Color-Changing Condoms Help Prevent STI Transmission—and Let You Know If You Have One

Every day, 1 million people contract a sexually transmitted infection.

(Photo: Getty Images)

Jun 24, 2015· 2 MIN READ
Samantha Cowan is an associate editor for culture.

Asking new partners about their sexual past is often an uncomfortable conversation to have. Mustering up the courage to ask, “So, have you been tested?” is hard enough, but if the answer resembles something like an “all clear,” both participants are counting on each other to be truthful and knowledgeable about their bodies.

A smart condom could take some of the guesswork out of sexual encounters. Designed by teenagers at a U.K. school hoping to make a practical device for at-home testing, the condom—called the S.T.EYE—includes a layer embedded with molecules that identify different strains of bacteria and change color when they detect bacteria or viruses that cause common sexually transmitted infections.

The different colors indicate different STIs. A green hue signifies chlamydia, while yellow stands for herpes, blue for syphilis, and purple for the human papillomavirus.

“We wanted to create something that makes detecting harmful STIs safer than ever before, so that people can take immediate action in the privacy of their own homes without the invasive procedures at the doctor’s,” teen designer Daanyaal Ali told the Daily Mail.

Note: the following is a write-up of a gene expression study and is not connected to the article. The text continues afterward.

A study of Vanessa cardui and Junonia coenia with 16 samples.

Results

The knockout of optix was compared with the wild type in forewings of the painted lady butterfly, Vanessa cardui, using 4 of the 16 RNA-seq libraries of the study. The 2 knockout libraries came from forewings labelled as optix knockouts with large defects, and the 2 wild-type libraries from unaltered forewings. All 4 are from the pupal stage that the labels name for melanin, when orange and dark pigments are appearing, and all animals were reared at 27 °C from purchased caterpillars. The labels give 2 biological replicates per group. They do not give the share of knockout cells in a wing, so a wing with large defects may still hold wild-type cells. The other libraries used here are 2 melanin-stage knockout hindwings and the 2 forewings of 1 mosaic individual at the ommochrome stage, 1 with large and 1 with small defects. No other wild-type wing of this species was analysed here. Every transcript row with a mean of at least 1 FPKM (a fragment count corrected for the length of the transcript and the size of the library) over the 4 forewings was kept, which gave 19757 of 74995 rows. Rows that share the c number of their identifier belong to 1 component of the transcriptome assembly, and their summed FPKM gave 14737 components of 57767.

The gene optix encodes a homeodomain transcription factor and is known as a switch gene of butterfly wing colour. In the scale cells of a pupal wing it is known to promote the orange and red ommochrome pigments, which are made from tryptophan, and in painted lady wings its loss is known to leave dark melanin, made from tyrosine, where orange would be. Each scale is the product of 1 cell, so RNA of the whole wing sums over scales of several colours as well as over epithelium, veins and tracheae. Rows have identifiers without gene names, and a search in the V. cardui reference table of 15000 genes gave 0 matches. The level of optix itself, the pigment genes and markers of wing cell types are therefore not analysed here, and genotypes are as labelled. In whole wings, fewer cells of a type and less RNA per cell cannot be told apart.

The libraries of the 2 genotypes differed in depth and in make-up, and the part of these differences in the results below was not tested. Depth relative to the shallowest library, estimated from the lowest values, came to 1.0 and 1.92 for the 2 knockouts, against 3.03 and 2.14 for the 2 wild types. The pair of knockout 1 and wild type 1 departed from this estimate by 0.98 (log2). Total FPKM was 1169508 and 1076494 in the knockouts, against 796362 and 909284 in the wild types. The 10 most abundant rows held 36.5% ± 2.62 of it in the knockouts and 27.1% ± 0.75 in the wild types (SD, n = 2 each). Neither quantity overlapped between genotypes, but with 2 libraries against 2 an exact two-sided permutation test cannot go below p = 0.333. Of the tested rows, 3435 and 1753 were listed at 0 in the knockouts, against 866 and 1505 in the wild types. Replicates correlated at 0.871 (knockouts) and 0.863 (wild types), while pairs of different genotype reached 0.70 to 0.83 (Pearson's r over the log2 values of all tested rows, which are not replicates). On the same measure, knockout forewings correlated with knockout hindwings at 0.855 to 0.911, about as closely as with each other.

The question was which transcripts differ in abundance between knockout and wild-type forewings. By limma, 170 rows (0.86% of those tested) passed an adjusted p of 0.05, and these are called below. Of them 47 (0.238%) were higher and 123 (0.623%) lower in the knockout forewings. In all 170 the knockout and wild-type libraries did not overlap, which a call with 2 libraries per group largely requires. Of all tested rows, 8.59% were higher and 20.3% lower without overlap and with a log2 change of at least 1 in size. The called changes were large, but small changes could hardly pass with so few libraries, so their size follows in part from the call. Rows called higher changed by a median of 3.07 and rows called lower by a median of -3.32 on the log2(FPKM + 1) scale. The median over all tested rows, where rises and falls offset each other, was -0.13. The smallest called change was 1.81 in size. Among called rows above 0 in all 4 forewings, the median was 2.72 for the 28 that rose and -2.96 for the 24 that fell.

Of course, the condoms shouldn’t replace pre-sex talk with a partner or a doctor’s appointment but instead offer an additional layer of awareness, as STIs often don’t manifest in blood work immediately after they’re contracted.

Ali and his fellow inventors, Musaz Nawaz and Chirag Shah, won the TeenTech award in the health category for their colorful contraceptive. It’s an award that typically goes to items that can be further developed or bought by another company. But they’re still at the conceptual stage; if the project moves forward, the product needs more research and human trials before it can make it to drugstore shelves. Further testing would also help identify the condoms’ accuracy in detecting infections.

So, Why Should You Care? Should this model become widely available, it could change how STIs are tracked and treated all over the world. While putting on a condom and finding out you have an STI sounds like an awkward position to put yourself or your partner in, the cold, hard truth is that STIs are common in both wealthy and developing countries.

More than 1 million people around the world acquire an STI every day, according to the World Health Organization. One in two sexually active Americans will contract an STI by age 25, and more than half will contract one at some point in their lifetime, according to the American Sexual Health Organization. And just because you’ve got one doesn’t mean you’re aware of it. The majority of people with STIs are unaware of their status. Infections such as chlamydia and HPV don’t present symptoms that prompt a doctor’s visit. While one in five people live with genital herpes, 90 percent of people with the virus don’t know they have it.

HPV, chlamydia, and syphilis are all treatable, but if left undiscovered, they can lead to infertility, increased risk of acquiring HIV, and, in the case of syphilis, neurological problems if passed from mother to baby.

While blood and gynecological tests are readily available in Europe and in the U.S., not only are these screenings expensive for those living in poverty in developing countries, but a lack of health centers makes them an impractical option. An estimated 93 million people in Africa and 26 million people in the Middle East have a treatable STI. Rapid test results from using such a color-coded condom would allow sexually active adults to become aware of their status and take precautions or medications to treat the infection.